Thailand's colour-coded political rallies can be compared to School Sports Day, when teams of different colours pit themselves against each other. And it appears that the stakeholders leading these games over the past nine years seem to be having a lot o
For instance, on Sunday night, Jatuporn Promphan, chairman of the pro-government United Front for Democracy against Dictatorship (UDD), challenged the anti-government People’s Democratic Reform Committee (PDRC) to match the number of its red-shirt supporters. The red-shirt rally in support of caretaker PM Yingluck Shinawatra will be held on the day the Constitutional Court is expected to rule on her status.
“We will be [rallying] on different roads and want the world to see whose numbers are bigger. The group that has the biggest gathering will win the country!” he declared.
PDRC secretary-general Suthep Thaugsuban accepted the challenge, saying: “This is for real. No rehearsal.”
The PDRC has been rallying for more than five months now – marching to and from different Bangkok landmarks, occupying roads in the commercial district and government offices. Many of these rallies were declared “final”, only to be followed by yet another.
Meanwhile, after bloody clashes late last year, the red shirts have been sticking to the provinces in a move to minimise the impact on Yingluck’s administration – which shifted to the caretaker status after the House of Representatives was dissolved on December 9.
After the caretaker government’s hopes to be voted in on February 2 somewhat fizzled out, the red shirts launched a mass rally on February 23 to gag independent agencies. On March 21, the Constitutional Court nullified the election.
The red-shirt rally on Saturday appeared to have been the largest so far and was held closer to the capital. Also, there seem to be some changes in the hierarchy. The red shirts are once again being led by Jatuporn, UDD secretary-general Nuttawut Saikuar and Veerakarn Musigapong, like they were in 2010. This is probably why people feared violence when Jatuporn declared that he expected 500,000 demonstrators to join the Saturday rally. Luckily nothing like that happened.
Also, Jatuporn announced a few days before the Saturday rally that this was only a rehearsal and that the next gathering would be the “real” one. All this while independent agencies – namely the National Anti-Corruption Commission and the Constitutional Court – consider Yingluck’s status.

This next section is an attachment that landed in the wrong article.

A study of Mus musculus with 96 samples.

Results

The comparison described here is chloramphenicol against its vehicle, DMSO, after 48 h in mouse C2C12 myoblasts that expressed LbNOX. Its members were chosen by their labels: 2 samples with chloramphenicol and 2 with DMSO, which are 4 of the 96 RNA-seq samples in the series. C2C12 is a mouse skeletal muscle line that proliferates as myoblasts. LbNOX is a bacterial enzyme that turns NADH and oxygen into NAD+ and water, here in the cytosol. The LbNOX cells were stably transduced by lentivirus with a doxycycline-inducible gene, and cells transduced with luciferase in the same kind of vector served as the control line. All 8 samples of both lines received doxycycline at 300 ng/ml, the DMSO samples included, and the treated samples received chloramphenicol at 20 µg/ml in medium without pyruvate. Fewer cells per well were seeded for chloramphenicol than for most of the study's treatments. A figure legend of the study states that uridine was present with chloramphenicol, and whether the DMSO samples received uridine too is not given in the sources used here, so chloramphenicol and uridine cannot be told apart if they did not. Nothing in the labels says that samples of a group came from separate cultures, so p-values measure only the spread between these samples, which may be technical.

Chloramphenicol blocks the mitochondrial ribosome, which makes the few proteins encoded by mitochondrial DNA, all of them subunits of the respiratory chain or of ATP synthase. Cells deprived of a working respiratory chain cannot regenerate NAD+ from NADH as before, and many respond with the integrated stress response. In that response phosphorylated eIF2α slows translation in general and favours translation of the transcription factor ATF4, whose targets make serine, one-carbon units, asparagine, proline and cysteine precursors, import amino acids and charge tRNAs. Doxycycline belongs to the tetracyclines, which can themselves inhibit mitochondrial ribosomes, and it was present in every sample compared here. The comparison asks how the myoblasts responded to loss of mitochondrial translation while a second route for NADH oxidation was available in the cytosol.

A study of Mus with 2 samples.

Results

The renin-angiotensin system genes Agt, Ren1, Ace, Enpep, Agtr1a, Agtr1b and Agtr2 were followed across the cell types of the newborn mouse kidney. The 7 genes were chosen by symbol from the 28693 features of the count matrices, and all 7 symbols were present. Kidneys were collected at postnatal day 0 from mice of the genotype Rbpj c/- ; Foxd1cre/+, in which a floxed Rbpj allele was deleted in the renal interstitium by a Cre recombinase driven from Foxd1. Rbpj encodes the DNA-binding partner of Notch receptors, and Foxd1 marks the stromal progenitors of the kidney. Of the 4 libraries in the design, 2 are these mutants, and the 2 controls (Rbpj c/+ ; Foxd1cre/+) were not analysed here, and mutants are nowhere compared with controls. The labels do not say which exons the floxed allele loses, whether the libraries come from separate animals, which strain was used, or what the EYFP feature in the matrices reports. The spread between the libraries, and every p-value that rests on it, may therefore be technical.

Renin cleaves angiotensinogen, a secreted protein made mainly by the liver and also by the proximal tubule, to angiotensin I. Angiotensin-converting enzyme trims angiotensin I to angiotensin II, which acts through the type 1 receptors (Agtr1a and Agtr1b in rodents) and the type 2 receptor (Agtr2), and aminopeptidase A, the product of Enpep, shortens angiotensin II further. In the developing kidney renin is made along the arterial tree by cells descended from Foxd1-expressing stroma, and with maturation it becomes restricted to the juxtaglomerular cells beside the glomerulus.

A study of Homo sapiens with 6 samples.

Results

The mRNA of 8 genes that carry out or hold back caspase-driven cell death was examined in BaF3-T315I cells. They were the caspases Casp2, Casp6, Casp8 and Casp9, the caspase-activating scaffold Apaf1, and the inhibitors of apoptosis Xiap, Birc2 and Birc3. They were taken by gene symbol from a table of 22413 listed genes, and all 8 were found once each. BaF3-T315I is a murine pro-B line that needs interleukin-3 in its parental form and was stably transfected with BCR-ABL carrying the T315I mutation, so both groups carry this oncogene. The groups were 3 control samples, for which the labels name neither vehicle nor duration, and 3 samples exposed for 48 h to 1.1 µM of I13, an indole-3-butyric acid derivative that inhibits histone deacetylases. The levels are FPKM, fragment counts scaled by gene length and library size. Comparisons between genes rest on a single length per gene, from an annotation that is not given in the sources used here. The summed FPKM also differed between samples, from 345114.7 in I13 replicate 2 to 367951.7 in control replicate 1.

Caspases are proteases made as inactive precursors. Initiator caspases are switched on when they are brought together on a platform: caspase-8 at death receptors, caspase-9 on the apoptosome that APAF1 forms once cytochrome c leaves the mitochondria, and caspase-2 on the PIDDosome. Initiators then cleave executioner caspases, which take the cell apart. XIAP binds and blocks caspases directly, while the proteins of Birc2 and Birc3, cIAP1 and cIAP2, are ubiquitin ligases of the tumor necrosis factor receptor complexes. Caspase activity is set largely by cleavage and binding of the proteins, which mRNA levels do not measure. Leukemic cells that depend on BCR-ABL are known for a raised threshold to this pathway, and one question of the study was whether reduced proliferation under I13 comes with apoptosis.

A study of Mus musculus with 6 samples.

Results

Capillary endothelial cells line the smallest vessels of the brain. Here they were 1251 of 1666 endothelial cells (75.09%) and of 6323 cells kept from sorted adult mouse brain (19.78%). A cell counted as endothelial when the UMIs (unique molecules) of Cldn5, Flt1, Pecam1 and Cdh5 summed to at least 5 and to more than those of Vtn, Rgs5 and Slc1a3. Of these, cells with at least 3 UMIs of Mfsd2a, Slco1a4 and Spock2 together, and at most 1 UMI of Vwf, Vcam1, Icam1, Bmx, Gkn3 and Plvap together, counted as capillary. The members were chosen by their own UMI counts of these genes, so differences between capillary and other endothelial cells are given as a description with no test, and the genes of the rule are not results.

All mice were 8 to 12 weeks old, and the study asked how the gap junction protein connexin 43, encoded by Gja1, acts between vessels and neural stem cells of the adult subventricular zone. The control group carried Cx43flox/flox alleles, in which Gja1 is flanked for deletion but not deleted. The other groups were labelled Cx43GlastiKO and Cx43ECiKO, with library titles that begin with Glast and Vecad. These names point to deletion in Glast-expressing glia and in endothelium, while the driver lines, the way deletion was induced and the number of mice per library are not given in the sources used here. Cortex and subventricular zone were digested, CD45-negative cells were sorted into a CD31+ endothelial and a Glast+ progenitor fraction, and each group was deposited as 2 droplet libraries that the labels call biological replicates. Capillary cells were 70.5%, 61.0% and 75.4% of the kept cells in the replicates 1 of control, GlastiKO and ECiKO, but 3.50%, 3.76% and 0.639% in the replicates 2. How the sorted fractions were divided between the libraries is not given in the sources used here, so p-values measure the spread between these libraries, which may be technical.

Meanwhile, in real life, especially on social media, “size (of the rally) does matter” because many people were interested in finding out about the turnout at the UDD and PDRC weekend rallies.
Also, every comment, be it from a rally leader or a guest speaker – including foreigners like Robert Amsterdam, the Canadian lawyer of fugitive former PM Thaksin Shinawatra – gets a reaction.
For instance, when I re-tweeted a colleague’s message on Saturday night urging Thais to stop fighting, I almost immediately got a rude message back from a complete stranger.
Likewise, Army chief General Prayuth Chan-ocha was slammed when he made a remark about how far an employee can go against his boss. Though the actual meaning of his remark still needs to be decoded, I don’t think his critics are being fair by calling him a slave of the Shinawatras.
After all, Thailand is hardly a corporation and the real owners are the people, not the administrators.
When taking sides in this colour-coded game, people often forget the real role they play and instead just focus on attacking the other side. Many people in this so-called political “game” appear to be forgetting their real goal. Perhaps they should stop and gauge exactly what they are fighting for? Is it democracy, transparency, the country’s development or people’s happiness?
Also, do these stakeholders know for sure whether they will be happy or if the country’s problems will be truly solved if they get what they are fighting for?
Manipulating the country’s future should never be fun and games.
Before getting involved in these political games and becoming someone else’s tool, people should stop and see whether what they are doing is really worth the risk.